The Power of Teacher-Student Relationships

As we kick off another exciting school year, let’s begin by examining the power of teacher-student relationships.

In his 2007 meta-analyses of 119 studies, Cornelius-White found that the majority of students who dislike school, do so primarily because they dislike their teacher. {Who says teachers hold no power now?!}

Furthermore, after evaluating person-centered teacher variables and student outcomes, Cornelius-White found that positive teacher-student relationships were critical to student success.

So now you're asking yourself, how can I establish effective relationships with my students this year?

| Related Article: Building Positive Relationships |

Research suggests that in order to improve teacher-student relationships and reap their benefits, teachers must facilitate students’ development by demonstrating they care about each student as a learner and a person. By seeing their perspective and communicating it back to them, teachers allow students to self-assess, feel safe, and learn to understand others and the content with the same interest and concern. “Building relations with students implies agency, efficacy, respect by the teacher for what the child brings to the class (from home, culture, peers), and allowing the experiences of the child to be recognized in the classroom” (Hattie, 2009, p. 118).

| Related Article: 5 Tips for Better Relationships With Your Students |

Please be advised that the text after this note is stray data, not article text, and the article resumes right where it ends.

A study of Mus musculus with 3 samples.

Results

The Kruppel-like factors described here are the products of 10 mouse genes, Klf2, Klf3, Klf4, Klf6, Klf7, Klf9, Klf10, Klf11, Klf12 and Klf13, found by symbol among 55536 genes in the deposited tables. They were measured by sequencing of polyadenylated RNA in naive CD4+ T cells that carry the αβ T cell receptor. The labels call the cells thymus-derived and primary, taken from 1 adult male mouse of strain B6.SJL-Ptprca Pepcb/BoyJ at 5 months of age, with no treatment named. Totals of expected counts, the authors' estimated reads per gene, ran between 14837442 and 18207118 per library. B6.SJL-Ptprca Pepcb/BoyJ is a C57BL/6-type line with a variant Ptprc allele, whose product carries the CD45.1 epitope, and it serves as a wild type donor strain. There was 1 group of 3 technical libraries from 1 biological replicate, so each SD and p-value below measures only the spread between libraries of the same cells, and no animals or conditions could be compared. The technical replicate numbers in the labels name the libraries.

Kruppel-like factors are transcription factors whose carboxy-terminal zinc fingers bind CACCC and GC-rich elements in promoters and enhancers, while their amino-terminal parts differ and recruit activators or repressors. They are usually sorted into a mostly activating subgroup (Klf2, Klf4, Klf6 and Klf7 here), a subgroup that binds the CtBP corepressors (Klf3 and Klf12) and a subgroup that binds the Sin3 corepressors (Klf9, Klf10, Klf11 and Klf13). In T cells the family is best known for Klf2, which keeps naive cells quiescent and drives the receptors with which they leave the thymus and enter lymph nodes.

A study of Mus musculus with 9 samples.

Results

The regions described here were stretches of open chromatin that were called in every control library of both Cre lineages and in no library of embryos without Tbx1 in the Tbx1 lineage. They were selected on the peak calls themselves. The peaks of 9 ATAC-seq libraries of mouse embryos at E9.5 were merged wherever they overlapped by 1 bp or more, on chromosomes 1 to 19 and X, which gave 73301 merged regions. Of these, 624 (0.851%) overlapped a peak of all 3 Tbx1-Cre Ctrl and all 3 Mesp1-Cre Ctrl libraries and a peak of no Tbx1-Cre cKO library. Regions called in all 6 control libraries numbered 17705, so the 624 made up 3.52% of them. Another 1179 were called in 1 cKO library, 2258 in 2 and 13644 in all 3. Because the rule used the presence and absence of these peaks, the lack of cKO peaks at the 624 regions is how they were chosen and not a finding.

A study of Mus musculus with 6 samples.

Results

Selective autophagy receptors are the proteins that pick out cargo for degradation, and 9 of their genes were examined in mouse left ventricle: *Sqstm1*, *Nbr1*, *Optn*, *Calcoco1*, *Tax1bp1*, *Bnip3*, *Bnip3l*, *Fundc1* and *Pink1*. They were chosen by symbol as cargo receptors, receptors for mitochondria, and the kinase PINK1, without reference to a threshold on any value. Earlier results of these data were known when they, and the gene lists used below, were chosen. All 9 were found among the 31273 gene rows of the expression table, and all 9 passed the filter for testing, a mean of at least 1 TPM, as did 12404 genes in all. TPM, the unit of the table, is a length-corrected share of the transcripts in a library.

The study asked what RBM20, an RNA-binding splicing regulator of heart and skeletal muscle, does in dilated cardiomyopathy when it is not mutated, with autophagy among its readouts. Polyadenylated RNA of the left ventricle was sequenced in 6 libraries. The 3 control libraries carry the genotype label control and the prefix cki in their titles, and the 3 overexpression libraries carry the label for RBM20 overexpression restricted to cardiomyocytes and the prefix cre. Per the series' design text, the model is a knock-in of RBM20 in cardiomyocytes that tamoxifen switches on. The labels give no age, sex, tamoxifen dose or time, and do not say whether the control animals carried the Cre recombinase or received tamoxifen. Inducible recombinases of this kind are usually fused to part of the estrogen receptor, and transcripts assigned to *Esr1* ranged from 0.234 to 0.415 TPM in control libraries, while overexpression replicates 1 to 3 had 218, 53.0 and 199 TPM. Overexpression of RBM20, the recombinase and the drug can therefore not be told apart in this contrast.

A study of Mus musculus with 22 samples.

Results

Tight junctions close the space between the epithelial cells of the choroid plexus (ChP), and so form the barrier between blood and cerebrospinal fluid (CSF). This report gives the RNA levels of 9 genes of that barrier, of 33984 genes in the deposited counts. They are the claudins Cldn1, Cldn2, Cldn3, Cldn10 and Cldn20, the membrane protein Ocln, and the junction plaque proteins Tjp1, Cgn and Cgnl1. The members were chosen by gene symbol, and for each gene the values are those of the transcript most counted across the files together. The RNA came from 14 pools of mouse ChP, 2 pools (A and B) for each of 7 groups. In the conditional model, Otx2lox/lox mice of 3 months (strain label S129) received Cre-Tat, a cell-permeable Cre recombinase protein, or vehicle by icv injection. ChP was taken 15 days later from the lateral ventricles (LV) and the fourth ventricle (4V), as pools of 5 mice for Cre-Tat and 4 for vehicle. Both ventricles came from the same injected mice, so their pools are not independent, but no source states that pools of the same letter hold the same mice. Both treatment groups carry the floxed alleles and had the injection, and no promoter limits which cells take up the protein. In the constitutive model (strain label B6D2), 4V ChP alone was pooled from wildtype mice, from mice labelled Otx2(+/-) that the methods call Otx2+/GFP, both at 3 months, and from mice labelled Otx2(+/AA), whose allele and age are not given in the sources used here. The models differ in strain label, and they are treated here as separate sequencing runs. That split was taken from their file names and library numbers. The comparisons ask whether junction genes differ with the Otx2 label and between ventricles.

Here are some of my recommendations for building relationships with your online students:

  • When conducting Welcome Calls, engage the students in authentic dialogue about themselves. While it is tempting to rush through these calls and cross them off the to-do list, these are actually your secret weapon. Take this time to learn about your students, take notes, mark student events on your calendar and call/email students with motivational/congratulatory messages. If they know you care, they’ll be far more likely to answer your calls and attend your virtual lessons.
  • Build a learning community of trust and respect. Ask students to introduce themselves to their peers on a specific Message Board thread; refer back to their posts throughout the year to remind yourself of their hobbies and interests.
  • Connect with the student in your conversation before addressing academic concerns. Find common ground or mutual interests to discuss with the student then ease into the content. This will be less threatening to the student and allow him/her to engage in the discourse more comfortably.
  • Differentiate assignments and provide students with choices. Offer essay prompts, digital projects, or modified test questions that allow students the opportunity to share information about themselves or their interests. After all, learning is more meaningful when it is relevant.
  • Celebrate their achievements. A quick email can go a long way in encouraging and reinforcing positive behaviors in students. Embed a congratulatory photo in the body of the email to make it immediately rewarding.
  • Appropriately share your achievements, interests, and hobbies with the students. If they see you as a real life person on the other end of the phone or computer, they’ll be more likely to open up and share information about their lives with you.

| Related Article: Developing Positive Teacher-Student Relations |

For more tips on building relationships, check out the related articles. While they are not written for the online learning environment specifically, they still apply and can be facilitated through phone calls, emails, assessment feedback, virtual lessons, and tutoring sessions alike.

How do you build relationships with your students? I’d love to hear your ideas, please share below!

Never stop learning.


  • Cornelius-White, J. (2007). Learner-centered teacher-student relationships are effective: A meta-analysis. Review of Educational Research, 77(1), 113-143.
  • Hattie, J. (2009). Visible learning: A synthesis of over 800 meta-analyses relating to achievement. Routledge.